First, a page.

November 23, 2010

Hartley 2 stirs up a cometary snow storm

After its encounter with comet Tempel 1 in 2005, NASA’s Deep Impact probe set a new course for comet Hartley 2. The latest images from the spacecraft reveal a small object shrouded in its own cosmic snow storm.

2 December 2010

A small and very active comet

Hartley 2 is the most active comet ever studied in situ, says Frédéric Merlin, a lecturer and researcher at Paris 7 University supported by CNES. “We have observed chunks of ice spewing out into the coma and a real cosmic snow storm at the surface of its nucleus.

A spectacular and serendipitous scene indeed.

In fact, the U.S. Deep Impact probe was originally scheduled to end its mission after studying comet Tempel 1 and then just continue its journey wandering into outer space.

But since it was in such good shape and still had fuel on board, scientists decided to send the probe to encounter comet Hartley 2 as part of the extended EPOXI mission.

Hartley 2 is a small comet 2 km long that has only been transiting in the near neighbourhood of the Sun for a few decades,” explains Frédéric Merlin. “During the flyby, the comet was relatively close to the Sun1 and therefore subjected to pretty high surface temperatures of a few tens of degrees centigrade.”

So we were expecting to find a very active comet, since being so close to the Sun would cause the icy nucleus to vaporize quickly,” continues Merlin. “And we were right, as more than half of the surface of Hartley 2 showed signs of activity.”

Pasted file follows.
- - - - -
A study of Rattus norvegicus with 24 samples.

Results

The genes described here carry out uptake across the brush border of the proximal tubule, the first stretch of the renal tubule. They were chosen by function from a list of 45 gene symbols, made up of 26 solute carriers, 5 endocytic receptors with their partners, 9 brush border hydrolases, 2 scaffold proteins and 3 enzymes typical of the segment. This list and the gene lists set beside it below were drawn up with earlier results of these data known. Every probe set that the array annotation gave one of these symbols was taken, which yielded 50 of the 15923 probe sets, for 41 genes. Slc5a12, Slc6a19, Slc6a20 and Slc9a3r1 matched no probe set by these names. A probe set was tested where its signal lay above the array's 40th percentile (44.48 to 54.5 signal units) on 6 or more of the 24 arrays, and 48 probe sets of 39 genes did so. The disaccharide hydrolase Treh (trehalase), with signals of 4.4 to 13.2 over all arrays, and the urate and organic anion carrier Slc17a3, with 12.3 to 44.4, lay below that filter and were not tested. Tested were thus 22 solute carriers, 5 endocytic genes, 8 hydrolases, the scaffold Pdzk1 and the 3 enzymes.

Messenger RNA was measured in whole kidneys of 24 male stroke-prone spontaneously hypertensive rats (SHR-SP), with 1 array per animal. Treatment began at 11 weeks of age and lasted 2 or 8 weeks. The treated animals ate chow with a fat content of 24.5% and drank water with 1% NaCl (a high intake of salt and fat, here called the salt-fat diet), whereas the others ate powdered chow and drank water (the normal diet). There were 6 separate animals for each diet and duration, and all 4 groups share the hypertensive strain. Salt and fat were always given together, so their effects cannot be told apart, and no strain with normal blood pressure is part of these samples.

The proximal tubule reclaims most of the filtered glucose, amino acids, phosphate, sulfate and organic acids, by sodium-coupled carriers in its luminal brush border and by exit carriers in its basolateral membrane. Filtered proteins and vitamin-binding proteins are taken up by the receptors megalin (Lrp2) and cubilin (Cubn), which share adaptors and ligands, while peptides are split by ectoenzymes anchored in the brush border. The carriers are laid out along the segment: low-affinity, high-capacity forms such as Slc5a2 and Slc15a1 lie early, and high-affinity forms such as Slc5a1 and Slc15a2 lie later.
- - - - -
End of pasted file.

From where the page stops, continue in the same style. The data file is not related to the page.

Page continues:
Fuelled by carbon dioxide

From the ground, it is impossible to precisely ascertain the chemical composition of comets, particularly of their nucleus.

Space probes are therefore the only way to study these dirty snowballs—remnants from the formation of the solar system—in detail. And here again, EPOXI has reaped a rich harvest of data.

The instruments on the probe have confirmed the presence of chunks of water ice in the comet’s coma and allowed scientists to estimate their size for the first time. Some of them are as big as basketballs!

The probe has also discovered what is driving all this activity. “Until now, we thought that gas jets and comet activity were being fuelled by the vaporization of water or carbon monoxide ice. But we’re seeing mostly carbon dioxide,” says Frédéric Merlin. On Hartley 2, jets of carbon dioxide are spraying out chunks of ice to form cometary snow storms2. And we think this could explain the activity on most comets.”

It will take scientists several years to sift through and decipher the 120,000 images and spectra acquired during the flyby of comet Hartley 2.

Meanwhile, the Deep Impact spacecraft’s odyssey continues and it could well have more surprises in store.



1 The comet was a little more than 1 astronomical unit (AU) from the Sun, 1 AU being the Earth-Sun distance.
2 On Hartley 2 it is snowing
up mostly into space, rather than down as it does on Earth.